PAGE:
Product and Technology in a Business Plan


The product and technology section of the business plan is where you describe the product, its current state of development or readiness for the market, and whether or not your business has any intellectual property rights such as a patent, trademark, copyright or registered designs.

In this section, describe the current state of development of the product (concept, prototype, or market-ready), explain what further work needs to be done, and what skills you need if any, in order for it to be ready for the market place. Unless they are already obvious and apparent make sure that the uses of the product are explained to the investor.

Minimum Viable Product

Issuing a minimum viable product into the market place is one method a business can adopt to achieve a lean startup methodology.

A minimum viable product, often abbreviated to MVP, is a product with just enough features to see whether it will work in the real world. It is important for a startup business that the minimum viable product is low cost, can reach the customer quickly, and is effectively an early prototype of the final product, so that the customers can get an early indication of what the product is trying to achieve.

The idea of a minimum viable product is to rapidly build a minimum set of features into a product and release it onto the market to test customer reaction. The feedback obtained from the early adopters can then be used to adapt and improve the product. This process can be repeated in a loop until the product is fully developed.

The minimum viable product method is in contrast to the conventional method of bringing products to market. The conventional method incorporates the maximum number of features the customer might want, carries out market research and adapts the product, and then launches the product fully developed.

The advantage of the minimum viable product method is that allows a startup business, usually with limited financial resources, a low risk method of launching a product; feedback is instant and the product can then be improved. With the conventional high risk method, the majority of the feedback comes too late after the product has been fully developed when any change would be costly.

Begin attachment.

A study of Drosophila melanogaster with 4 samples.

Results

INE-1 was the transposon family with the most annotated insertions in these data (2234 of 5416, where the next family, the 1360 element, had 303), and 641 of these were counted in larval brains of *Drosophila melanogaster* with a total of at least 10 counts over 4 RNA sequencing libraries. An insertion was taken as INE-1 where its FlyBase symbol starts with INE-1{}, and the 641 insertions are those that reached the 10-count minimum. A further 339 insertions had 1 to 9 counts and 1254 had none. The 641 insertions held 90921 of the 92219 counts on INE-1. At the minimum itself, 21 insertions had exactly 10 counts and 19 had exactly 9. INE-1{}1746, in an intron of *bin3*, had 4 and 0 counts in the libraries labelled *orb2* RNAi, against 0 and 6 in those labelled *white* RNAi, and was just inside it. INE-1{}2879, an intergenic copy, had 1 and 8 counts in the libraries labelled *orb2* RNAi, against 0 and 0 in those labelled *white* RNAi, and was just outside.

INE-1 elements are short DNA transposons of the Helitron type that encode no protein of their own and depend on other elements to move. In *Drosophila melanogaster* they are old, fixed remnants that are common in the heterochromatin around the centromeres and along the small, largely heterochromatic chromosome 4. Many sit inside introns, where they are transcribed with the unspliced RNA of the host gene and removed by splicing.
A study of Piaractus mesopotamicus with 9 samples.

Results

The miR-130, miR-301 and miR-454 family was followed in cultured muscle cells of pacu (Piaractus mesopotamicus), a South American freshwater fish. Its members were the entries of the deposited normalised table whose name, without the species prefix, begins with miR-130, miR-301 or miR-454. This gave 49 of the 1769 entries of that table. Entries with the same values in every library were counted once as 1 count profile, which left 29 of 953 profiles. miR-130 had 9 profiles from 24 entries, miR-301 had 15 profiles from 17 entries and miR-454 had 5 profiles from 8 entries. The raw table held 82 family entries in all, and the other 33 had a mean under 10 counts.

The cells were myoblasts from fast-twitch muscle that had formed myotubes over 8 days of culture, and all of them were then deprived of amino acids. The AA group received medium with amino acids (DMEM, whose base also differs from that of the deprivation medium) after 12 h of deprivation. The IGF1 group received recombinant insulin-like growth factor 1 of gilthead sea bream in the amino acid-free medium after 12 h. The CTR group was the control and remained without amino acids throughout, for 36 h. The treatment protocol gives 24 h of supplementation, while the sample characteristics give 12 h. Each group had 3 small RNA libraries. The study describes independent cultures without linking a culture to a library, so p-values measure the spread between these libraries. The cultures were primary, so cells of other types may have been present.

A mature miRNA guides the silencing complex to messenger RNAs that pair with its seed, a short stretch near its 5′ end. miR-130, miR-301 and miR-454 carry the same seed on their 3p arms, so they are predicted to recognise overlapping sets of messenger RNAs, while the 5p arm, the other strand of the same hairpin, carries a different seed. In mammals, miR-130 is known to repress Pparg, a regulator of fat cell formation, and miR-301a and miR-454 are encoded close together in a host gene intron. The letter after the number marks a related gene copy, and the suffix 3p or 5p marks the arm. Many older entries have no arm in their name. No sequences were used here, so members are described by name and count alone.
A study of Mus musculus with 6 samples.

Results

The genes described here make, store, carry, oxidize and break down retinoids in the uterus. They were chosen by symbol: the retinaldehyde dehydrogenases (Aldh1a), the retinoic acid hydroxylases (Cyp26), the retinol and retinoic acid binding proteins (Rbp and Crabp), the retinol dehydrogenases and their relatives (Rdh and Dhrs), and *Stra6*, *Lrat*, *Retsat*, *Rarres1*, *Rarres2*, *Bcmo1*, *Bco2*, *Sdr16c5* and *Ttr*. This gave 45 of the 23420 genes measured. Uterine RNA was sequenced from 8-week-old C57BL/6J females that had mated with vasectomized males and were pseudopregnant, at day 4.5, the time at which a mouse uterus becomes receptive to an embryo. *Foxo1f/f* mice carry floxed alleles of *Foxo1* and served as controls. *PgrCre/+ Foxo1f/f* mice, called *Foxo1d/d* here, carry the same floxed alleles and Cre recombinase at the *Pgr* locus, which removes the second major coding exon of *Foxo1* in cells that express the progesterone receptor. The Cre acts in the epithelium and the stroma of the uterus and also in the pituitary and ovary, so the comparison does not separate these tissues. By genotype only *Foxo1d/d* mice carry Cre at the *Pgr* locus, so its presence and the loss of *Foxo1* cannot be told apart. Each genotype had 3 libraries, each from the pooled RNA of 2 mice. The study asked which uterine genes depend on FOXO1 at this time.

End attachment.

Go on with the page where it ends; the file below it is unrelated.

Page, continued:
Intellectual Property

Intellectual property is an asset of the business and can be bought or sold like any other asset. It can be used for example, to earn royalties from licensing, create strategic alliances with other businesses, and to secure loans. Set out the intellectual property rights your business has.


A patent is a form of intellectual property right granted by the state which gives an inventor the sole right to make, use, sell, or dispose of their invention for a limited number of years. A patent protects the way products and processes work, how they are made, what they are made of, what they do, and how they do it. If the patented invention is infringed, then the owner can take legal action to try and stop others making, using, importing or selling the invention without their permission.

It should be noted that not all inventions are patentable as to get the intellectual property rights associated with patent protection, the invention needs to be new, have a non obvious inventive step, and be capable of being made or used in some form of industry.


Trademarks legally distinguish the products of one business from another and give protection for the name of the product using a distinctive symbol, logo, word, phrase or signature normally placed on a product, packaging, or advertisements. Registering a trade mark gives the business the exclusive right to use it, and another business using the same or similar trademark is said to have infringed the trademark and could be sued for damages.

A registered trade mark is identified by the letter “R” surrounded by a circle ®.

Design Registration

A design registration is a type of intellectual property right protecting the way an object looks, its shape, and visual appeal. A registered design can protect such things as color, shape, and texture. Registering a design gives the business the exclusive right to use it, and another business using the same or similar design is said to have infringed the design registration and could be sued for damages.


Copyrights protect material when it is written down or recorded. For example, copyright will protect music, films, books.

Presenting Product and Technology in the Business Plan

There is no set style for the product and technology section of the business plan, a few paragraphs together with bullet points should be sufficient to explain the product itself, what it does, and the technology behind it.

Keep the description of the product and technology as simple as you can and avoid technical jargon where possible. The amount of technical detail will depend on the nature of the product itself, but should only be included to the extent that it is needed to explain to someone who is reasonably familiar with the industry, why the product is innovative and viable.

This is part of the Financial Projections Business Plan Guide a series of posts on what each section of a simple business plan should include. The next post in this series is about the traction your business idea has.

Last modified September 30th, 2019 by Michael Brown

About the Author

Chartered accountant Michael Brown is the founder and CEO of Plan Projections. He has worked as an accountant and consultant for more than 25 years and has built financial models for all types of industries. He has been the CFO or controller of both small and medium sized companies and has run small businesses of his own. He has been a manager and an auditor with Deloitte, a big 4 accountancy firm, and holds a degree from Loughborough University.